Another excerpt from Volume 3: Barren Victory; detailing the reaction of various members of the administration in Washington upon learning the details of Rosecrans’s defeat:
Through the night and into the early morning hours of September 21, telegraph wires across the North hummed with constant activity. In Washington DC, President Lincoln, Secretary of War Edwin Stanton and Union General-in-Chief Henry W. Halleck waited for news, pouncing on every morsel, and firing off wire after wire in response. To Rosecrans, Lincoln wrote at 12:35 a.m.: “Be of good cheer. We have unabated confidence in you and in your soldiers and officers. . . . I would say save your army by taking strong positions until [Maj. Gen. Ambrose] Burnside joins you, when I hope you can turn the tide. . . . We shall do our utmost to assist you.” Burnside, whose forces in East Tennessee were the closest possible source of reinforcements for the Army of the Cumberland, now figured prominently in Lincoln’s thoughts. At 2:00 a.m., the President wired a terse, unequivocal order to Burnside: “Go to Rosecrans with your force without a moment’s delay.”
To those around him, the President clearly appeared downbeat. He had been so for several days, fearing the worst. Those fears were now confirmed. In the small hours of Monday morning he visited his private secretary, John Hay, barging into Hay’s bedroom while the latter was still abed. “Well, R[osecrans] has been whipped as I feared. I have feared it for several days. I believe I feel trouble in the air before it comes,” blurted the frustrated commander-in-chief. On the subject of Burnside, Lincoln vented his spleen. “Instead of obeying the orders . . . and going to R[osecrans],” he exploded in clear disgust, “[he] has gone up on a foolish affair to Jonesboro to capture a party of guerrillas.”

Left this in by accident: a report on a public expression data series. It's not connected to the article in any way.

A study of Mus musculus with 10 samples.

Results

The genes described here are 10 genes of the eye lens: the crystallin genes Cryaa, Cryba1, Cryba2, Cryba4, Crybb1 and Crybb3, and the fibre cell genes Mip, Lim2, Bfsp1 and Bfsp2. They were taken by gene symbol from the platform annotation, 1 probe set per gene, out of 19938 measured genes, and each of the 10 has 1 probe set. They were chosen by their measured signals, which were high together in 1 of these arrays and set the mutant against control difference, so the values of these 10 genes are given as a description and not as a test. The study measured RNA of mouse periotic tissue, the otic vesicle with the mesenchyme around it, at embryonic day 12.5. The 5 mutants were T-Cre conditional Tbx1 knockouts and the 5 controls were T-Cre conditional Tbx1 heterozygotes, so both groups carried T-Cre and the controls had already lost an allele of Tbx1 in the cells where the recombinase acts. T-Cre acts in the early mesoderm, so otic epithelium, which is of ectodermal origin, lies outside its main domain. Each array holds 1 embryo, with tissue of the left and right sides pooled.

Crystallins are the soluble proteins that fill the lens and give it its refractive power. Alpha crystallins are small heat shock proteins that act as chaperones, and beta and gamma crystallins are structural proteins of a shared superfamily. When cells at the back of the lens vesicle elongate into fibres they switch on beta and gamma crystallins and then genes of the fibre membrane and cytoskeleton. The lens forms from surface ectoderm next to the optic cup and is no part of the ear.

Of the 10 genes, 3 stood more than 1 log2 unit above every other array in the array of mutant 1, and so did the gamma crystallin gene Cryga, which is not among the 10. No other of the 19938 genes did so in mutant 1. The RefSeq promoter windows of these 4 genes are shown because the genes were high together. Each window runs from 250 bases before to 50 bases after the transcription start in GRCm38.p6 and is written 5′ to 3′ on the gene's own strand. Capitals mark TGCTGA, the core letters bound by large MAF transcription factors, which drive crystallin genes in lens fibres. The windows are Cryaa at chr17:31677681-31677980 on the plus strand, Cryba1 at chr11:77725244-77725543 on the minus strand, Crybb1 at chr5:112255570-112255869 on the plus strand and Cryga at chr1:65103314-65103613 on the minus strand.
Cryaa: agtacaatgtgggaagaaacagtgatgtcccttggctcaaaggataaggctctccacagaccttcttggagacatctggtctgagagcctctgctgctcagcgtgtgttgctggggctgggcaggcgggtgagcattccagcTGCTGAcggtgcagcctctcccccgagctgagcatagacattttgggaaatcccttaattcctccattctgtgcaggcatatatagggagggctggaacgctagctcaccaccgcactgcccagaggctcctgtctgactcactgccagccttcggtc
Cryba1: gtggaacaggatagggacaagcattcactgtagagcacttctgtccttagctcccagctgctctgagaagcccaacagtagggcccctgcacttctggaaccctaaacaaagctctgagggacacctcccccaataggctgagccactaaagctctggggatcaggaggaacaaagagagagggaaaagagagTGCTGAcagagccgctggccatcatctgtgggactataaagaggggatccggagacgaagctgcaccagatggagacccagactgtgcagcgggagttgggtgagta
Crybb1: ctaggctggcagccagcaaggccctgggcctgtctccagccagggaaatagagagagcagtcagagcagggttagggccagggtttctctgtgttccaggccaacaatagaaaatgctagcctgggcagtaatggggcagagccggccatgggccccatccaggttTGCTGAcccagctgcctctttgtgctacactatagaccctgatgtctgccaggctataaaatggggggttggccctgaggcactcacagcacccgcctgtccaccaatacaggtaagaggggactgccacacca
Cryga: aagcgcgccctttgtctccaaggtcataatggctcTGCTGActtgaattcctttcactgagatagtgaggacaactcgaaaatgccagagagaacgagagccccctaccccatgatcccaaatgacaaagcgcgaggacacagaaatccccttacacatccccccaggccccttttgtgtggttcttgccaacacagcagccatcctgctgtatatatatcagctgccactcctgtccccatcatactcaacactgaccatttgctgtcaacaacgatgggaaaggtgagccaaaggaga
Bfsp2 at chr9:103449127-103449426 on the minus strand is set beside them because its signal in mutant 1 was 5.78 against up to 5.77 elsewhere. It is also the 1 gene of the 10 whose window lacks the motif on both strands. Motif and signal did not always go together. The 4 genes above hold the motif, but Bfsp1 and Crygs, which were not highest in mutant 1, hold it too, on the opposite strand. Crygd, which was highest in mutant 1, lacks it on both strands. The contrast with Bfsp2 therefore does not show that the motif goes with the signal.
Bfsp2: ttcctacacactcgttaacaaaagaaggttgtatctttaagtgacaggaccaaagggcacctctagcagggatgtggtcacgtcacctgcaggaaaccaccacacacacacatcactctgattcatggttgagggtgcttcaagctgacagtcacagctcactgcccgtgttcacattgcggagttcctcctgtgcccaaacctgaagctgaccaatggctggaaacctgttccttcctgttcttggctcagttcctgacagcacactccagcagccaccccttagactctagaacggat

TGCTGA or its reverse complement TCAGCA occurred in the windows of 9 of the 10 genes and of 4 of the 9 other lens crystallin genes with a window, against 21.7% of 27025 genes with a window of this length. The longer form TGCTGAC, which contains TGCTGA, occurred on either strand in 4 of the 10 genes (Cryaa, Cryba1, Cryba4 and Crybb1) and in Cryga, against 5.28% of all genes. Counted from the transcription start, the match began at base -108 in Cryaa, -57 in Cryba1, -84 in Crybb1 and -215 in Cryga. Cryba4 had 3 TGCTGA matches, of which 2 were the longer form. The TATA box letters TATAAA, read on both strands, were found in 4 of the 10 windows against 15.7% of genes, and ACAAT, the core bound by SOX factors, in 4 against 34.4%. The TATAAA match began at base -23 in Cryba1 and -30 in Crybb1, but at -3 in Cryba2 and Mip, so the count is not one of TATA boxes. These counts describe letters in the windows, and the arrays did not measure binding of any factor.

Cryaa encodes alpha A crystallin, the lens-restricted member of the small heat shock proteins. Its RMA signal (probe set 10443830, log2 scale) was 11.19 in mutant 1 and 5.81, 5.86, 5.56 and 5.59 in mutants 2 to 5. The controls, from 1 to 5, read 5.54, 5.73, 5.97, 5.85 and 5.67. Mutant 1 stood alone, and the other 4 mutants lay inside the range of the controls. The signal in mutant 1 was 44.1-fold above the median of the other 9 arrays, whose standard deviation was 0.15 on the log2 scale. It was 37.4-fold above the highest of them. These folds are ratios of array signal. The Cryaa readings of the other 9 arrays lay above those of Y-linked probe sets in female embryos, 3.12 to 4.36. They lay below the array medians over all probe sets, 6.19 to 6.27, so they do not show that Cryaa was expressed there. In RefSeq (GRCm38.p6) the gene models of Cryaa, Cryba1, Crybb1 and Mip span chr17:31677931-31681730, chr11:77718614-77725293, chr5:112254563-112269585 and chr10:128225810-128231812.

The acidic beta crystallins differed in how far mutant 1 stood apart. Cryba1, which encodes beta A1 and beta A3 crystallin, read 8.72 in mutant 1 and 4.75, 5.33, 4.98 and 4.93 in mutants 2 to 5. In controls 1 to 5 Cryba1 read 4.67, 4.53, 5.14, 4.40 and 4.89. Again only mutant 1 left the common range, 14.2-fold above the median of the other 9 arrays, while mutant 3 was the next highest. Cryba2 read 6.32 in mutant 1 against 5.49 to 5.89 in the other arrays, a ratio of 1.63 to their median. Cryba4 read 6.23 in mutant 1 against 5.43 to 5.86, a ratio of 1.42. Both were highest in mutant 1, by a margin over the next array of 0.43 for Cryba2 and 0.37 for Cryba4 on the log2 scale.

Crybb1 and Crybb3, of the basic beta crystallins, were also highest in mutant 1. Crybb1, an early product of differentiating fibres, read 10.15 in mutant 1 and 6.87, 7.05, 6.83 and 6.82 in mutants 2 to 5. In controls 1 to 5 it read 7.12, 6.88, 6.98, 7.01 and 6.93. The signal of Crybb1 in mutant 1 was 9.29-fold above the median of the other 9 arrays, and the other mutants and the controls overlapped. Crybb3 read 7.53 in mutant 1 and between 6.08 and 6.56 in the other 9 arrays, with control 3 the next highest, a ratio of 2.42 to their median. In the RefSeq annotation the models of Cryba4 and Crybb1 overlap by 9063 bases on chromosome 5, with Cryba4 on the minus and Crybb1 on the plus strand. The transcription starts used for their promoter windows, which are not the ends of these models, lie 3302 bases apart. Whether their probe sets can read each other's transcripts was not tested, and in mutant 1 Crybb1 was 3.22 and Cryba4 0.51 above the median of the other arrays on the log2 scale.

Especially vexing was the discovery that Robert E. Lee sent Longstreet’s entire corps to reinforce Bragg, all done directly under the nose of a curiously passive Union Maj. Gen. George G. Meade. Meade and the Army of the Potomac sat quietly at Culpepper, Virginia, while Lee coolly reduced his own forces by a third. “I asked what Meade was doing with his immense army,” noted Secretary of the Navy Gideon Welles in his diary, given “Lee’s skeleton and depleted show . . .” Again Lincoln gave voice to his dismay. “It is . . . the same old story of this Army of the Potomac. Imbecility, inefficiency – don’t want to do – is defending the capital. . . . Oh, it is terrible, terrible, this weakness, this indifference, of our Potomac generals.” Welles felt Halleck should share equally in the blame. “General Halleck has earnestly and constantly smoked cigars and rubbed his elbows,” snorted a derisive Welles, “while the rebels have been vigorously concentrating their forces to overwhelm Rosecrans.”
 Martin Burlingame and John R. Turner Ettlinger, Inside Lincoln’s White House: The Complete Civil War Diary of John Hay (Southern Illinois University Press, 1997), 85. Prior to the fight at Chickamauga, Burnside and Rosecrans had been in regular communication. With the capture of Chattanooga on September 9, it looked to both men as if Bragg were retreating, leaving Burnside nothing to fear from that quarter. Accordingly, Burnside took that part of his force not tied down occupying Knoxville towards Jonesboro Tennessee, near the Virginia-Tennessee border, to try and secure his northern flank. A small force of Confederates under Major General Samuel Jones still controlled southwest Virginia and, if reinforced, could pose a threat to Burnside’s control of East Tennessee. At Jonesboro, Burnside was about 100 miles northwest of Knoxville, and more than 200 miles from Chattanooga.